OnigiriPosted: June 4, 2012
Monday has arrived, so I want to share something fun to lighten the mood for this week.
Onigiri. Oh-nee-gear-eee. Also known as Japanese rice balls. Also known as a tasty, fun and interesting dinner.
They’re also great to snack on. When I was in Taiwan, I would buy packaged onigiri at the nearest 7-Eleven practically every day. Or multiple times a day. Don’t blame me, there were 7-Elevens everywhere.
When I went to Tokyo, I got to experience authentic onigiri. Pure heaven, even if I can’t handle the more traditional fillings like umeboshi (pickled plums). So I make mine with canned tuna. (Which they do in Japan as well, so there.)
Luke’s were filled with a spicy mixture, while mine was mild. I also sprinkled mine with furikake seasoning, a Japanese condiment, and wrapped them in nori (dried seaweed). You can get furikake and nori at your local Asian supermarket, and if you can’t procure, the rice balls will still be great without them.
So if you’re feeling adventurous this week and want to try something new, I’d recommend onigiri. It’s just so much fun to say and eat!
Onigiri (Japanese rice balls)
Makes about 10 rice balls (depending on how big you make them)
4 cups short grain (sushi) rice, cooked and cooled
1 can tuna, drained
2 Tbsp mayonnaise
2 Tbsp sriracha or other hot sauce
¼ cup hummus
2 sheets of nori, cut into 2” strips
furikake seasoning for garnish
Cook the rice according to the directions on the package, or in a rice cooker. Let the rice cool completely before starting assembly.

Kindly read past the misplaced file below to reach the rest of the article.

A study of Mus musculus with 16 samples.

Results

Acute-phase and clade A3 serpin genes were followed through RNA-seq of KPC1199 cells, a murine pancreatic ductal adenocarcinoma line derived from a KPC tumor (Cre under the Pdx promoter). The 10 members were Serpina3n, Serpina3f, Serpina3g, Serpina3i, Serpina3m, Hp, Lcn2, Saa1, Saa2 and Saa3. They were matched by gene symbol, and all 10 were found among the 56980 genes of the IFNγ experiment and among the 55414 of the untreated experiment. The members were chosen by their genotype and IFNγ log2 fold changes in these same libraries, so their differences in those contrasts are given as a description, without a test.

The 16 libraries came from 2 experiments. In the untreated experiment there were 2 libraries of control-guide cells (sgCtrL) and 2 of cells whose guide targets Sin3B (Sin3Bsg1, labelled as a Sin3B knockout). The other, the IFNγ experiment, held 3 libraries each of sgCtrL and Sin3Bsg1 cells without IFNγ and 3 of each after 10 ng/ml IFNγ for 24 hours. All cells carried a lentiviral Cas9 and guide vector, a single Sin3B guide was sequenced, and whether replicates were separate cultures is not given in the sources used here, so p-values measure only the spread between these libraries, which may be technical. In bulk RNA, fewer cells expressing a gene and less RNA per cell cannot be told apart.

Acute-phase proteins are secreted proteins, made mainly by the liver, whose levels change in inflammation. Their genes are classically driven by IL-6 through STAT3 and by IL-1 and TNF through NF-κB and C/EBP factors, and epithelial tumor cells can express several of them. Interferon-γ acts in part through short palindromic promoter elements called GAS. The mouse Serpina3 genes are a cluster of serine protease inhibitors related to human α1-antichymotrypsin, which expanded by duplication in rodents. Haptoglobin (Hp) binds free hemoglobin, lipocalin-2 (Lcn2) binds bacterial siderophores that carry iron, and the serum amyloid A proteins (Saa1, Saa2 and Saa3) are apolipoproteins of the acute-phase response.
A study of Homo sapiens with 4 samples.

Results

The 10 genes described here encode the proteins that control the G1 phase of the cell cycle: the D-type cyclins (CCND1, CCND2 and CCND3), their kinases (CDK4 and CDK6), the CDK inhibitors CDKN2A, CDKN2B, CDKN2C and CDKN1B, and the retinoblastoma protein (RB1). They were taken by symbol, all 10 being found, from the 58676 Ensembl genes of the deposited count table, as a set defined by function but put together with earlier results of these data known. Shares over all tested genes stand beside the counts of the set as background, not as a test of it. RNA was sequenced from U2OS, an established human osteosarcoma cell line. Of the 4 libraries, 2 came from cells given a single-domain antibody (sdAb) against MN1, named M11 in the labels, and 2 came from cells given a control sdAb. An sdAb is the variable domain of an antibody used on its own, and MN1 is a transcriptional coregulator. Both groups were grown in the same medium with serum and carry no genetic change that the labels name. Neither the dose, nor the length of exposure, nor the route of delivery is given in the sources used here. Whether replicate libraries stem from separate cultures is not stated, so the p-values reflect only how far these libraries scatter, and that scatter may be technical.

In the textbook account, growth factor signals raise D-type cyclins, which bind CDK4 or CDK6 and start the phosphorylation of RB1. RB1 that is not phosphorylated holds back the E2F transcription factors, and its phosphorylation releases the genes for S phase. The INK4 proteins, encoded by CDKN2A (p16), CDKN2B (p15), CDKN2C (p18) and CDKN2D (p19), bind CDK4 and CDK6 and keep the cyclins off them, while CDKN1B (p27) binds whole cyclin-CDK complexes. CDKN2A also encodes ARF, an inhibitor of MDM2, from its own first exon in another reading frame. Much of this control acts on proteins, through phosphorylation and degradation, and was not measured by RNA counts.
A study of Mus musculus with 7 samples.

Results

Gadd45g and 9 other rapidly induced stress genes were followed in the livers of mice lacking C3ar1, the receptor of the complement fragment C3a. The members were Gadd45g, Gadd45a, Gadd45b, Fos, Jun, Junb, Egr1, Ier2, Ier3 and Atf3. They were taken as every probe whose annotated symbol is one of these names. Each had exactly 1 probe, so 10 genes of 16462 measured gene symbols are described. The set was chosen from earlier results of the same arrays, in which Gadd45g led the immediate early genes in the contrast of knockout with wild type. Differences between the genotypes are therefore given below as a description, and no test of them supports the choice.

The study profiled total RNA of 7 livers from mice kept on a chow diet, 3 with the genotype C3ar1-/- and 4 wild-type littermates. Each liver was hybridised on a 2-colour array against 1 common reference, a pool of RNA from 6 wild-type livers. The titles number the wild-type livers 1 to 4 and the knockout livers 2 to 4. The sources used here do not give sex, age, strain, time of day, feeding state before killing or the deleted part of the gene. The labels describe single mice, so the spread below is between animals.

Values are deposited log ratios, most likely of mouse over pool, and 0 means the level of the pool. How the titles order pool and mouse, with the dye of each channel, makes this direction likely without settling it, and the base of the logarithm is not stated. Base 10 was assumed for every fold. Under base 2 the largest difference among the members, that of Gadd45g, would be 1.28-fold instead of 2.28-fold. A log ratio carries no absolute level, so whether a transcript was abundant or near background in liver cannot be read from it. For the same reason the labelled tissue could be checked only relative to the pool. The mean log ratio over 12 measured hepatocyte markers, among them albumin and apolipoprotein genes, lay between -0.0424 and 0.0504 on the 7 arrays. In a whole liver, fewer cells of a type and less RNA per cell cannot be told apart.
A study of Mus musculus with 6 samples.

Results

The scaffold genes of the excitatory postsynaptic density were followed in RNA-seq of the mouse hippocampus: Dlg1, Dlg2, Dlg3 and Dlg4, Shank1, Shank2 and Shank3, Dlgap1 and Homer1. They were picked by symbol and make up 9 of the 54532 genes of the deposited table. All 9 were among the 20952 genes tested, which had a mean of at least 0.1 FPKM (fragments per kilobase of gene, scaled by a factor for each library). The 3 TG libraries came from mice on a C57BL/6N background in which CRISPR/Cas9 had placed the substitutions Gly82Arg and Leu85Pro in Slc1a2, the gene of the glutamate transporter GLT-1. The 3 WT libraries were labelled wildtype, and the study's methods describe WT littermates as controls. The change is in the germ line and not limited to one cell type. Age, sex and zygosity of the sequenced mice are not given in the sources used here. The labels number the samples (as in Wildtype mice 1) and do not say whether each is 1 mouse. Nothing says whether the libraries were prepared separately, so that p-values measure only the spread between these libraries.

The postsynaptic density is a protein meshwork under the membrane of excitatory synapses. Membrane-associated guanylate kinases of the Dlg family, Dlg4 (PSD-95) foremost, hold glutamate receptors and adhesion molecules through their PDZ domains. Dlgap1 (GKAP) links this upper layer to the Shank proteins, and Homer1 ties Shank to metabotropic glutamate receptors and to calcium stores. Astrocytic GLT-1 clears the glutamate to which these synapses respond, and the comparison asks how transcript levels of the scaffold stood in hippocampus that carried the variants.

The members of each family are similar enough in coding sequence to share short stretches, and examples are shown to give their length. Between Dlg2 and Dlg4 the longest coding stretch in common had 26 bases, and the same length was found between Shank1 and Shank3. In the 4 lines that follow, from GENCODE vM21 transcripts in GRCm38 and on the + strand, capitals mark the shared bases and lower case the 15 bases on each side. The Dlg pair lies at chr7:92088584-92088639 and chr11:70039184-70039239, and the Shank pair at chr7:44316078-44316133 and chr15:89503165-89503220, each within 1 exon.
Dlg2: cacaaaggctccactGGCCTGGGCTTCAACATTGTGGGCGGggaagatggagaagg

While the rice cools, make the fillings. In a small bowl, scrape out half of the tuna, add mayo and hot sauce and mix until evenly combined with a fork.
In another small bowl, mix remaining tuna and hummus (with a different stirring apparatus).
Before you begin working with the rice, make sure your hands are wet. This will keep the rice from sticking to you. When the rice is cool, use a large spoon or rice paddle to scoop out about ½ cup of rice. Cupping it in your palm, flatten the rice out and spoon about 2 Tbsp of filling in the center. Close your palm and use your other hand to bring the rice ball together. You can also shape the ball into the traditional triangle shape, but I think spheres are much cuter.
Once the rice ball is firmly packed and no filling can be seen, wrap a strip of nori around the ball and put it on a plate. Garnish with furikake if desired.
Continue this process for remaining rice and filling, and enjoy!